Director of Antenna Documentary Film Festival, David Rokach, believes documentaries have a unique power to convey social, personal, artistic complexities. Rokach says,
I don’t see documentary as different from fiction or any other art form as a medium for the reflection of our lives.
As early as the 1920s and 30s, the documentary genre was lauded for its ability to democratise cinema. Just in the last few years hugely popular documentaries have brought international renown to a forgotten folk musician, demanded the almighty US government acknowledge its role in the Indonesian communist purge of the 60s and reconstructed the biggest sci-fi epic that never was.
Whether you put the growing popularity of the doco down to affordable technology, frustration with traditional media, or an eagerness for political discussion, the mainstream appetite for documentary film is big. And it’s growing.
The festival, now in its fourth year, deliberately keeps its programming wide and inclusive.
Our job is to promote the best and most innovative documentaries of the past year. The program is also a reflection of what is current in documentary cinema and of course, the wider world.’
This year, there’s an opportunity to see films from 20 countries that tackle subject matter that is personal, global, thought-provoking and terrifying – love and sex for disabled people, youth and unemployment, internet addiction, living with HIV, marriage equality, freedom of information, refugees and asylum seekers, the global financial crisis, the civil war in Syria, the uprising in Ukraine and much more.
Selection was made following a rigorous submission process, as well as through Antenna committee’s enviable participation in prestigious international festivals like Berlin International Film Festival, Hot Docs, International Documentary Film Festival Amsterdam and DOK Leipzig.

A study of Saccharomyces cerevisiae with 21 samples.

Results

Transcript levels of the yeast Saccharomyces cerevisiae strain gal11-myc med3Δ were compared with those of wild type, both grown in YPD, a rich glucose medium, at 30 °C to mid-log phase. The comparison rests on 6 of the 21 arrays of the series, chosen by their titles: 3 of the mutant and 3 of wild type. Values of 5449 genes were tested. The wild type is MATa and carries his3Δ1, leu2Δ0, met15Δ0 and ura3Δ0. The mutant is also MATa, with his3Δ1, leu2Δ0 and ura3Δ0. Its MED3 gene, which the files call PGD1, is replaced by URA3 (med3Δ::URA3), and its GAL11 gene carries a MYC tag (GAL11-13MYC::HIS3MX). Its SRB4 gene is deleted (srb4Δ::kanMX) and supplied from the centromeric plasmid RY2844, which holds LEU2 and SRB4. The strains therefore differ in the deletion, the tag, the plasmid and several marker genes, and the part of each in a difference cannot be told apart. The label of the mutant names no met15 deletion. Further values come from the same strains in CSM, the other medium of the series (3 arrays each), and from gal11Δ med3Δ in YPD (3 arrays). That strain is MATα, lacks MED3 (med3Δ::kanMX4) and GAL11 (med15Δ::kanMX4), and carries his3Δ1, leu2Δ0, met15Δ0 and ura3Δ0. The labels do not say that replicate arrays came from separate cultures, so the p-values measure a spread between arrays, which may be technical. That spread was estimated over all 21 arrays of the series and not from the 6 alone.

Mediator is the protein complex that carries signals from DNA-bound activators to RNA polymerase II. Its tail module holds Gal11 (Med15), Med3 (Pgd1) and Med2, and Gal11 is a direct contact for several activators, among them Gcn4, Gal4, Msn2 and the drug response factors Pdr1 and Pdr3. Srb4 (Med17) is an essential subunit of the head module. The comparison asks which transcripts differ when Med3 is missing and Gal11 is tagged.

In addition to new works, Antenna presents a retrospective documentary master and unique events
The Maysles Brothers are up this year – the makers of Salesman (1968), an affecting portrait of four door-to-door Bible salesmen, Grey Gardens (1975), a captivating story of two reclusive New York blue bloods, and Gimme Shelter, which included footage of the murder of a black teenager Meredith Hunter at a Rolling Stones concert (1970).
Those who fondly remember ‘choose your own adventure’ books will enjoy the ability to participate as more than passive audience, with the Choose Your Own Documentary event – where the audience will use a remote control to decide the protagonist’s fate from over 1,500 possible endings.
Rokach also has a unique event for filmmakers in store. In partnership with Tribeca Film Institute, Antenna is holding the first ever Documentary Hackathon in Australia. The Hackathon is two days of intensive workshops that bring together content creators and technology specialists to produce an interactive documentary, created for viewing online or on a mobile device.
Filmmakers, technologists and web designers will be placed into teams to work on an interactive documentary concept. The teams will be supported by expert mentors in digital storytelling and tech and also be exposed to funding opportunities and pitch training. At the end of the second day, participants will pitch their projects to a panel of experts and funders in the interactive field.
Director’s festival highlights
While it’s unfair to pick favourites from such a hearty program, Rokach does provide some festival highlights:
- The Australian premiere of Return to Homs, which won the best film at Sundance this year. Stripped of context and background, the film hurls the audience into Syria as the war unfolds, with a totally unique perspective.
- Mindblowing film Master of the Universe, which unveils the inner world of high-end investment banking during the hey-day of the 80s financial deregulation.
- The very beautiful Art & Craft, a film about an eccentric and talented art forger. It’s a smart yet humorous cat-and-mouse story about art, originality, obsession and truth.
- And finally, the closing night film The Special Need – a very human and heartfelt story of disability, love and sex.
Antenna Documentary Film Festival is on from 14–19 October at the Chauvel Cinema. Head to antennafestival.org for the program and to purchase tickets.
Antenna is a recipient of the City’s cultural grants and sponsorship program
If you’re looking around for funding, Rokach offers some advice,
Have a clear vision, passion and the ability to believe in what you are doing. The next step is to learn how to articulate your ideas. The most important thing is to meet the funders before applying. Always arrange a meeting to understand what the funders are looking for – and listen to advice.
Antenna has been funded under the City’s cultural grants and sponsorship program. If you are looking to apply, contact Jennifer Trinca on , who’d be happy to chat about your application.